Sep 15, 2011 Russ Tarby Uncategorized
The world knew him as Jimmy Van Heusen, songwriter for the stars.
But in Syracuse he was Chet Babcock from down in The Valley.
“Chester Babcock and my dad grew up together,” said Frank Malfitano, the jazz impresario who co-produced an all-star tribute for Van Heusen in January 1986 at the then-new Civic Center, downtown. “They played together as kids on the south side.”
When he reached college age during the Roaring Twenties, Babcock’s staunch Methodist parents sent him to the Cazenovia Seminary.
This month, the 10th Annual Jazz’N Caz festival will pay homage to Jimmy Van Heusen who attended Cazenovia Seminary before rising to stardom composing for films and Frank Sinatra.
The festival begins with a kick-off party featuring vocalist Colleen Pratt & Friends at 8 p.m. Thursday, Sept. 22, at the Brae Loch, and continues Friday and Saturday evenings at the Catherine Cummings Theatre, 16 Lincklaen St., with headline sets by New Orleans pianist Henry Butler and the Gap Mangione Big Band, respectively. Admission is free, but donations are accepted; cazenovia.edu/jazz, 655-7238.
Van Heusen, one of the most accomplished melody men of the 20th century, was born Edward Chester Babcock on Jan. 26, 1913, in Syracuse, to Ida and Arthur Babcock. His close friends called him Chester or Chet.
From early on, he’d entertain audiences with his mirthful musicality, though not everyone always dug his act. He was expelled from Central High in Syracuse after performing the satire song “My Canary has Circles under His Eyes.”
“The student body loved the song, but the teachers thought otherwise,” said Sylvia Needel, a writer for the Cazenovia College Office of Communications. Needel researched Van Heusen’s life and learned the story behind his pseudonym.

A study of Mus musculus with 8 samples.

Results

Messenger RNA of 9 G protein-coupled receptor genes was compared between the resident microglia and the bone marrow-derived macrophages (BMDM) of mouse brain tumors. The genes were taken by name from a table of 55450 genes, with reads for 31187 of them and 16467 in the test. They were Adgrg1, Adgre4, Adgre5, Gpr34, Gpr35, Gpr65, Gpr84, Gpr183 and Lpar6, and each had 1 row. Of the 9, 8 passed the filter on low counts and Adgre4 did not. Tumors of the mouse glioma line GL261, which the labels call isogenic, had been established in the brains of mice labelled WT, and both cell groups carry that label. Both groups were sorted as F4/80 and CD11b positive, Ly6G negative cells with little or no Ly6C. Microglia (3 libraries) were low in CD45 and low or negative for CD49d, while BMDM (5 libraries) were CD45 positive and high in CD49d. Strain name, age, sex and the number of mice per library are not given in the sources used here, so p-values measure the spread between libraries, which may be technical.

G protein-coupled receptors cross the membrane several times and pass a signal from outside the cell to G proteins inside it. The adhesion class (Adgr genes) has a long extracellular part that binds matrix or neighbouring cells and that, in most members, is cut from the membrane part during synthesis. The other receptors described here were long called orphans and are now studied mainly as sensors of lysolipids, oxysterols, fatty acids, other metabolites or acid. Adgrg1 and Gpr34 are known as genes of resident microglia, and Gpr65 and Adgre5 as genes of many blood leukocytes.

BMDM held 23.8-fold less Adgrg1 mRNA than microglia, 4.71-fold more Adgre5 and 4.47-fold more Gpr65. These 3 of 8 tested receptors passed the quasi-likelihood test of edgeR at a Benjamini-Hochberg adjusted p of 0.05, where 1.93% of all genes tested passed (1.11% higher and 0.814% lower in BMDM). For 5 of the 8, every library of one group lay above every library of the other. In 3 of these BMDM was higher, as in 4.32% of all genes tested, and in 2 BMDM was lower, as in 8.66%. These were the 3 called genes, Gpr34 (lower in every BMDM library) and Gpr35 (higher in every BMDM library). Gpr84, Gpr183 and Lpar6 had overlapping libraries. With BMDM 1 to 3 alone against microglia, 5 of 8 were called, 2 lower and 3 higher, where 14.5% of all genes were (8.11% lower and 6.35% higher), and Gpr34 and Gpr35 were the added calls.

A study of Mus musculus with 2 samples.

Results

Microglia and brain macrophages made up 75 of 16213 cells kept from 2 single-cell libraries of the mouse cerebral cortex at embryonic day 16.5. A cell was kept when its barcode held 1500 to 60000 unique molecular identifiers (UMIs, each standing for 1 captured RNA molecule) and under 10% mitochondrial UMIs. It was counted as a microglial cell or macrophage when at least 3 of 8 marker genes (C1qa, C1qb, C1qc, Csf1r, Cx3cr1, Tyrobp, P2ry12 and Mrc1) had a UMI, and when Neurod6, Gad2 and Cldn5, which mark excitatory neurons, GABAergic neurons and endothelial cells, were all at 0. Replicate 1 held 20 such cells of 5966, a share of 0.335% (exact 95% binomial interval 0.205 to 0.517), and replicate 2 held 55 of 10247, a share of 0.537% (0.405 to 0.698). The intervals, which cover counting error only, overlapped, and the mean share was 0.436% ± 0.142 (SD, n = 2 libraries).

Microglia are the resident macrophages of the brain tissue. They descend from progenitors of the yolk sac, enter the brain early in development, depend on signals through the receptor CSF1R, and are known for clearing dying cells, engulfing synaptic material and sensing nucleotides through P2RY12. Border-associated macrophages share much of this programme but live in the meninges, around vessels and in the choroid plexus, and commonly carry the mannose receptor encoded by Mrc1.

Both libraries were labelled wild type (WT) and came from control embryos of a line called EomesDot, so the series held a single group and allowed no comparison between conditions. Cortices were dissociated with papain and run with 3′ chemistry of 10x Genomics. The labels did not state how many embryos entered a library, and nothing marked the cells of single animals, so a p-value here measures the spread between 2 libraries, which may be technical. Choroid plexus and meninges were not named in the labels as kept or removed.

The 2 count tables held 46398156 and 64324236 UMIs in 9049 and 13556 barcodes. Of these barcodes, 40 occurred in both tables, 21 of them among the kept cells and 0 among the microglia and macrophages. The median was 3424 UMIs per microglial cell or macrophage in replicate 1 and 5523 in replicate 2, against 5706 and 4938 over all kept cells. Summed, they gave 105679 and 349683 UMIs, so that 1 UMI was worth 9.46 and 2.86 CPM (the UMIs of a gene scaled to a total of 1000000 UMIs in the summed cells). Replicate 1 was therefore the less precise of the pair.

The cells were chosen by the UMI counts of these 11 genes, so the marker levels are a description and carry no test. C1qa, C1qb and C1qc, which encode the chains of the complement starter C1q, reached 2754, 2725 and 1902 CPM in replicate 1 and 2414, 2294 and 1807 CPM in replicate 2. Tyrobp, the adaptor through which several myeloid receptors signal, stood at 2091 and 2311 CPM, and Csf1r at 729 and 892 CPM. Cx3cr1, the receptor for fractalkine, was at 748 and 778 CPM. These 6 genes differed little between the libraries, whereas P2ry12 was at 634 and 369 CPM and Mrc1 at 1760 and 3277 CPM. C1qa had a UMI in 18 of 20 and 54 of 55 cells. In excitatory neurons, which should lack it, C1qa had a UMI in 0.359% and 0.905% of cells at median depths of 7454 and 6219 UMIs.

About 1928, when Babcock was working as a radio disc jockey, a friend named Ralph Harris helped him create a stage name so that Chet’s father, a Syracuse building contractor, wouldn’t learn about his radio program. Ralph glanced out the window of the 11th floor of the Hotel Syracuse and saw a billboard advertising Van Heusen collars. Great last name! “Well, how about my first name?” Chet asked. Ralph’s favorite cousin was named James, and the rest is pop music history.
When he played hooky from school to work at a local radio station, Jimmy would invite listeners to send in lyrics. He believed everyone wanted to be a songwriter, and for a trifling $10 he would compose a piano part to accompany the submitted lyrics.
Following multiple expulsions from Central High, Jimmy’s parents sent him to Cazenovia Seminary in 1928 and’29, but he remained focused on music.
Williams Hall piano
A classmate, Maurice Golden, who later joined the college’s board of trustees, said Van Heusen spent plenty of time at the piano in the Lyceum fraternity meeting room in Williams Hall. “Many of his most famous songs were developed from ideas that had their beginning right there,” Golden said.
Van Heusen broke into the big time in 1938 by collaborating with bandleader Jimmy Dorsey on a song called “It’s the Dreamer in Me.” The hits flowed as he wrote for stage and screen, composing melodies for tunes such as “Polka Dots and Moonbeams,” “It Could Happen to You,” “Personality” and “My Kind of Town.”
In 1963, as co-chair of the Cazenovia College Alumni Fund Drive, Van Heusen lent his song, “High Hopes,” to the campaign, with lyrics supplied by Development Director Ralph Larsen vocalized by Bing Crosby. The song was pressed as a 45 RPM record and sent to alumni, who responded enthusiastically with donations.
Civic Center’s 1986 tribute
In January 1986, 73 years after his birth, Van Heusen was honored in Syracuse with am SRO variety show culminating the Civic Center’s Tenth Anniversary Celebration Week. Among the entertainers who flew here to perform were Tony Bennett, Maxine Sullivan, Sammy Cahn, Margaret Whiting, Jack Jones and emcee Tony Randall.
Van Heusen died on Feb. 6, 1990, in Rancho Mirage, Calif., at age 77. His headstone is engraved with the title of one his best-loved tunes, “Swinging on a Star.”
Russ Tarby’s column appears weekly in The Eagle and online at theeaglecny.com. He also covers the arts and sports. Reach him at firstname.lastname@example.org.